I believe with great certainty that my former law professor William Beaney (1918-2003) would be appalled at the two Federal judges who have issued restraining orders against President Trump’s travel orders. He’d be equally dismayed by the 3-judge panel from the 9th Circuit that upheld the first Judge and also by the judges on the 9th Circuit that just refused an en banc rehearing of the first judge’s restraint of Trump’s first executive order (the 2nd one has not been appealed yet).
I was in two of Professor’s Beaney’s classes at the Universtity of Denver in 1975. The first was called Decision Process and the second was Constitutional Criminal Procedure. The first was about who makes legal decisions, how they are supposed to make decisions, and how the rest of us can find them, read them, understand them, and apply them in the practice of law. Criminal Procedure is a much deeper subject and a lot more demanding.
There are, however, a few key principles that are common to both and can be easily learned and remembered. Understanding these underlying principles is key to understanding all the rest.
The first principle is the difference between public policies on the one hand, and legal and judicial principles on the other. Judges pretty much own the ground on legal principles. It is on these principles that judges decide cases and controversies (C&C). That’s right in the U.S. Constitution. The C&C limit is supposed to keep judges from intruding on public policy because those are decisions given by the Constitution to the Executive and Legislative branches. These are the elected brances of government, often called the political branches.
Just as the U.S. House of Representatives has no authority to hear and decide divorce cases, breach of contract lawsuits, or any other sort of legal dispute, the Judicial branches have no authority to make public policy or to intrude on the political branches’ exclusive powers in that area.
Professor Beaney made it easy to understand all this. Judges do not have authority to decide political questions. Those issues are reserved for the political branches staffed by men and women duly elected by the people. Political questions cannot be answered by courts of law because they do not present a justiciable issue that a judge can decide.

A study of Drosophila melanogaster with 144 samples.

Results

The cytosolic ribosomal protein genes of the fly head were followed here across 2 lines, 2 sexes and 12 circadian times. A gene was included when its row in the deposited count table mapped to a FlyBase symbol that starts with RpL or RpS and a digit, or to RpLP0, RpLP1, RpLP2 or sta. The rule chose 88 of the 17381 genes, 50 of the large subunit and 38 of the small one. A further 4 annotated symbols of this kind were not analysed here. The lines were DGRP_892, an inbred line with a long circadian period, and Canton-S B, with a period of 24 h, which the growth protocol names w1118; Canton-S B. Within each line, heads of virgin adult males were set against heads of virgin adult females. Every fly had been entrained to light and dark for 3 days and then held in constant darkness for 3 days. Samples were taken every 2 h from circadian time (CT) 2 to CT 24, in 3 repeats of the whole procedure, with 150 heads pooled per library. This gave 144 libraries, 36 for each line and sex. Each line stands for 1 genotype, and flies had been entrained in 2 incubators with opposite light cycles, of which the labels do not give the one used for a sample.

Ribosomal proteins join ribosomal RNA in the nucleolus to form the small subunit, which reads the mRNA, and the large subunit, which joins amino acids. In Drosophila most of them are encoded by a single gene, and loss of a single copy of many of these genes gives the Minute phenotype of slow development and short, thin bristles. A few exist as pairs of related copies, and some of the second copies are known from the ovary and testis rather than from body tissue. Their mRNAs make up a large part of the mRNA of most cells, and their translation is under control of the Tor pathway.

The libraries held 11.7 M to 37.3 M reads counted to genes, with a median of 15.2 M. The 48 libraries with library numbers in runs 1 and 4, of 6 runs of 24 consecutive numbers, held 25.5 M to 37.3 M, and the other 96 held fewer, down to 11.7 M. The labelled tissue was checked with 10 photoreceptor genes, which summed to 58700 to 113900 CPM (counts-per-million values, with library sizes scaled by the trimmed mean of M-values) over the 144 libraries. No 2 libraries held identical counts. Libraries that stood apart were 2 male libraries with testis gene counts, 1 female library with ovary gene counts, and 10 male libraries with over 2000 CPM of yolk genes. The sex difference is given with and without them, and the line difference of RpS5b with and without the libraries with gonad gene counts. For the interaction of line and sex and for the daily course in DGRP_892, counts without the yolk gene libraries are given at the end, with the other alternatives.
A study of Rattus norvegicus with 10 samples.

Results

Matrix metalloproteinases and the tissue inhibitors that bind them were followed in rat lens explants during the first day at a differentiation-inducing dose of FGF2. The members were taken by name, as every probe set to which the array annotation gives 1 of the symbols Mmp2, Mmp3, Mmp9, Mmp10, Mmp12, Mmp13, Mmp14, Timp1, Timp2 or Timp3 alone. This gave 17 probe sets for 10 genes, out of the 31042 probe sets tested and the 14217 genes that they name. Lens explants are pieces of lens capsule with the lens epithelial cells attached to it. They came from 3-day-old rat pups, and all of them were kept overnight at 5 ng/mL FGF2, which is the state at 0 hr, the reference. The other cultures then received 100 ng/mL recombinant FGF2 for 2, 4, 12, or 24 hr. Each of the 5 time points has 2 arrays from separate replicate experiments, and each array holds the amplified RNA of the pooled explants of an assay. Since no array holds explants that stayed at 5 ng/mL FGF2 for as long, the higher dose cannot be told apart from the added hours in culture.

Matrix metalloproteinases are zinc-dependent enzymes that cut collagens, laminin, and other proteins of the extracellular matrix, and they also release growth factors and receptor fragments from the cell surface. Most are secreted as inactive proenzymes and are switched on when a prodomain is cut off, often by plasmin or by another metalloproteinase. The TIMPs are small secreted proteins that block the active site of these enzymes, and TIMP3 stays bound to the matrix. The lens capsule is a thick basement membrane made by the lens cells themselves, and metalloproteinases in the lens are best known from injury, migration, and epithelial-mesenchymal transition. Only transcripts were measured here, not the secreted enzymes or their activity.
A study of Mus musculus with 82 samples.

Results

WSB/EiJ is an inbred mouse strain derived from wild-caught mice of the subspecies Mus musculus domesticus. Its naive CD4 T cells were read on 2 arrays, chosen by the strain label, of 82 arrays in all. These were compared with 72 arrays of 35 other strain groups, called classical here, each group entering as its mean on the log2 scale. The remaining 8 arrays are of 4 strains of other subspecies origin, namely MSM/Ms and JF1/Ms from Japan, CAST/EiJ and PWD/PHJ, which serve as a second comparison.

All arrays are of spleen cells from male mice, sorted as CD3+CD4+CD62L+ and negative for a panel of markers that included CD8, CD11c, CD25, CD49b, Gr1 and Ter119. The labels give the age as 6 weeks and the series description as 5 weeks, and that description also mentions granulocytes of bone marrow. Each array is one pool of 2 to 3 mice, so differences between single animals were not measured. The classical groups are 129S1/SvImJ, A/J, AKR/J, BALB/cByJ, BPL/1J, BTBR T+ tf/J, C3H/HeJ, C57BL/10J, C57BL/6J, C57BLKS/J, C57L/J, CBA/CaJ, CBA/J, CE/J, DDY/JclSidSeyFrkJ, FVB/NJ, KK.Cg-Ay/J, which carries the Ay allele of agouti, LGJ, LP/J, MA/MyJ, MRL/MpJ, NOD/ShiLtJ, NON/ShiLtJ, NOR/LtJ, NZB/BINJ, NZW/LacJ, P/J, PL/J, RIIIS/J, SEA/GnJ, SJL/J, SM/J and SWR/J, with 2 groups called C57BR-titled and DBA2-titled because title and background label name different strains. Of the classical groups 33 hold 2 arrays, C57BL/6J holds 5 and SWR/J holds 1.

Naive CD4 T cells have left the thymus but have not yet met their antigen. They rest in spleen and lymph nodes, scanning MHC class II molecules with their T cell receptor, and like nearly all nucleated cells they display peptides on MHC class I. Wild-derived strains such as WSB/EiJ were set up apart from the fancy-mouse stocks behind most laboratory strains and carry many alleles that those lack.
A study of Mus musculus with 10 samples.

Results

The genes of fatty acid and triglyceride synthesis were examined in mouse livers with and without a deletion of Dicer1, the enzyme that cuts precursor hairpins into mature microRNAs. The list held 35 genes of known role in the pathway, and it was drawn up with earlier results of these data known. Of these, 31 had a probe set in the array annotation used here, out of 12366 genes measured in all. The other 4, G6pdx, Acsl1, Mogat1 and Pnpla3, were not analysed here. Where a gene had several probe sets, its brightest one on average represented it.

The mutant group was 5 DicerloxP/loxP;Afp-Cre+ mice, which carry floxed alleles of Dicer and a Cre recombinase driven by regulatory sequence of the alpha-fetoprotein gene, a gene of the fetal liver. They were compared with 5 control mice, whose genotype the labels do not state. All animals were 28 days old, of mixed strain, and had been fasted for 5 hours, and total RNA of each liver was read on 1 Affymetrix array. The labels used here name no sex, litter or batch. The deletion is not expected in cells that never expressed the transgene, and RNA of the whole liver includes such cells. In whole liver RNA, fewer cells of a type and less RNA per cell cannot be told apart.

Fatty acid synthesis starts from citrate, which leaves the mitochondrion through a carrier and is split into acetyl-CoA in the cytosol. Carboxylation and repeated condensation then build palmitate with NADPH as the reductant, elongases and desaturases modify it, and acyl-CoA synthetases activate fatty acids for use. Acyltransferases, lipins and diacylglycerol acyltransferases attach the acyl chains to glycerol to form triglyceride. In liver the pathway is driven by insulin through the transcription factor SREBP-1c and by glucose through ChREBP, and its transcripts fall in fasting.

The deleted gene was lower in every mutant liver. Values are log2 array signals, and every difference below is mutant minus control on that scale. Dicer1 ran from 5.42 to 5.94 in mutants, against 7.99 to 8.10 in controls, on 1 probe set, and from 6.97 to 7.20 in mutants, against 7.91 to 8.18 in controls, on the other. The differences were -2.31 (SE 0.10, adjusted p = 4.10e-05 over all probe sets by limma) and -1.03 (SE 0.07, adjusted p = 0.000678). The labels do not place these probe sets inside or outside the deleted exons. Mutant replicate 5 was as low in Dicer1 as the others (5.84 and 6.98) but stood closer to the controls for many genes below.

All this simply recognizes that America was founded as a representative republic where the people are self governing in the sense that they elect politicians to represent them in the public policy making process.
Too many judges never learned these things or simply don’t like these principles and do not want to follow them. These are things our forefathers fought and died to achieve. Judges take an oath to serve and defend the U.S. Constitution and the principles it demands before they are sworn in as judges. When they willingly ignore the fundamental ground rules others have struggled to bestow upon us, they breach their oath.
Judges who yearn to be in politics have options available. They can resign from the bench and run for political office.
A judge of the 9th Circuit asked for an en banc hearing (de novo hearing before all the judges) of the 9th Circuit order upholding the Judge in Washington State on Trump’s first executive order. An en banc hearing was denied. That decision is available for you to read here.
Five other judges on the 9th Circuit dissented from the court refusal to hold an en banc hearing. That dissent (scroll down to the second page of the order to find the dissent) explains correctly and succinctly how the judge in Washington State and the 3-judge panel of the 9th Circuit got everything wrong by ignoring settled Constitutional law and instead making a decision based solely on their personal, leftist political ideology.
If reading judicial opinions is not your thing, go to this story at Breitbart where much of Judge Bybee’s dissent is quoted.
If you read the opinion you’ll see Judge Bybee also expressed outrage at those who critiized the judges for exceeding their authority in rendering a political screed under the guise of a judicial ruling. Bybee is wrong on this. If judges don’t want to be held up to intense public scrutiny they have a ready remedy. They can stop acting so recklessly. They can start acting like judges. These are not rulings upon which reasonable people can disagree. These rulings are the product of unprincipled rogues.
See also, Seth Barrett Tillman: Judges have extraordinary public power. They are supposed to be scrutinized, and that includes scrutiny by the wider public. The only legitimate question is whether the scrutiny is fair, not how “intense” it is. The First Amendment does not end at the courthouse door, nor do parties’ First Amendment rights end because they find themselves dragooned into litigation.